Review Summary: "Hey love, are you hanging on?"
After the first three songs, “Big”, “Sha Sha Sha”, and “Too Real”, one would be forgiven for thinking they’ve figured these guys out: Catchy post-punk without too much emphasis on atmosphere but, instead, leaning on crisp guitars, speed, and Oirish charm.
These guys, within their own limited sound, got songs for pretty much anything and, after the first three songs, continually takes the listener on a sine curve-ish ride up and down in intensity and emotion. From the fun and careless “Liberty Belle” to the critical “Chequeless Reckless”. From the post-punk atmosphere of “The Lotts” to the anthemic “Boys in the Better Land”, and finally, the distinct it’s-4am-the-pub-is-closing-vibe of “Dublin City Sky”.
It’s not like these changes during the rest of the album, compared the initial three songs, are earth-shattering or revelationary, but their differences in tone combined with the fact that you’re still absolutely sure you’re listening to Fontaines D.C.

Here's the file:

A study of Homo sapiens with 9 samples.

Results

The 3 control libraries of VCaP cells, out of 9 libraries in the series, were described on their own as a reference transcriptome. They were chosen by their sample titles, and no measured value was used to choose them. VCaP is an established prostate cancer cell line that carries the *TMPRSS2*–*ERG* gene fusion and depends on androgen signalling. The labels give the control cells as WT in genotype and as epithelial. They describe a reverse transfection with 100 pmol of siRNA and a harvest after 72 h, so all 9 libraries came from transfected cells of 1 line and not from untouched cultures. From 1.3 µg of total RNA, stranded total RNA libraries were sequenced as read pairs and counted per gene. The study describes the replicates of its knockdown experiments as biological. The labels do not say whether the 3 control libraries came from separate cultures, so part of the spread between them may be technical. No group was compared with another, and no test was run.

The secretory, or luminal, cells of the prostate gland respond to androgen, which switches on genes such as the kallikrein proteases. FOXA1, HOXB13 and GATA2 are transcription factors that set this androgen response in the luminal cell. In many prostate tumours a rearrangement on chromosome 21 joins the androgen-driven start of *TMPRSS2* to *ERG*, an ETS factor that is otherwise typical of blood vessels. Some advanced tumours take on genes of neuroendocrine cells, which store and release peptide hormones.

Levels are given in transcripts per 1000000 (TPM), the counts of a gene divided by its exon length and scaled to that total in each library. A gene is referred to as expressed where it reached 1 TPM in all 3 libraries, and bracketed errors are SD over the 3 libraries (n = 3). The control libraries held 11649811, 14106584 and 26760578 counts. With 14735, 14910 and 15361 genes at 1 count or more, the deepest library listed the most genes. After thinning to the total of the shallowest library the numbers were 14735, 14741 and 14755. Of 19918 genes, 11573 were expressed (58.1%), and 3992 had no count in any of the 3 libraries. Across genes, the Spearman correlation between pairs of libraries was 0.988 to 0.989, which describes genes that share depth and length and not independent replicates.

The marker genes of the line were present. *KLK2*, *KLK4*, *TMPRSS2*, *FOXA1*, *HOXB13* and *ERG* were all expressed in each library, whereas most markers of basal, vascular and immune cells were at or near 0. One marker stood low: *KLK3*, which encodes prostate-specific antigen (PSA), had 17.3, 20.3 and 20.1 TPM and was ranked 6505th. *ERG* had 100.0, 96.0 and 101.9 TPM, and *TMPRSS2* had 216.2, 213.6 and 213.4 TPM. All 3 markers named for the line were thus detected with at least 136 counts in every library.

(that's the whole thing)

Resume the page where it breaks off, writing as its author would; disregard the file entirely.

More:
Here’s the thing: I really want to hear Fontaines D.C. perform live. These songs make me want to hear them together with other people, to share the experience with them. It makes me want to be with other human-beings and laugh and cry and have fun and live and die and love. Together. That, in this day and age and at this stage in my life, is in itself remarkable.
Similar to IDLES, Fontaines D.C. makes me want to be connected and unified. Makes me want to feel. Maybe it’s because, after taking this cosine curve-ish post-punk ride maybe 50 or 100 times, I think they understand the feelings. I think they’ve been there. Fontaines D.C. feel like kin and peers.
I’m having a hard time deciphering with exactly how much sarcasm the chorus of ”Big” is sung. But Fontaines D.C.’s Dogrel can for a short while, if not make me feel bigger, then at least make me stand just a little bit taller.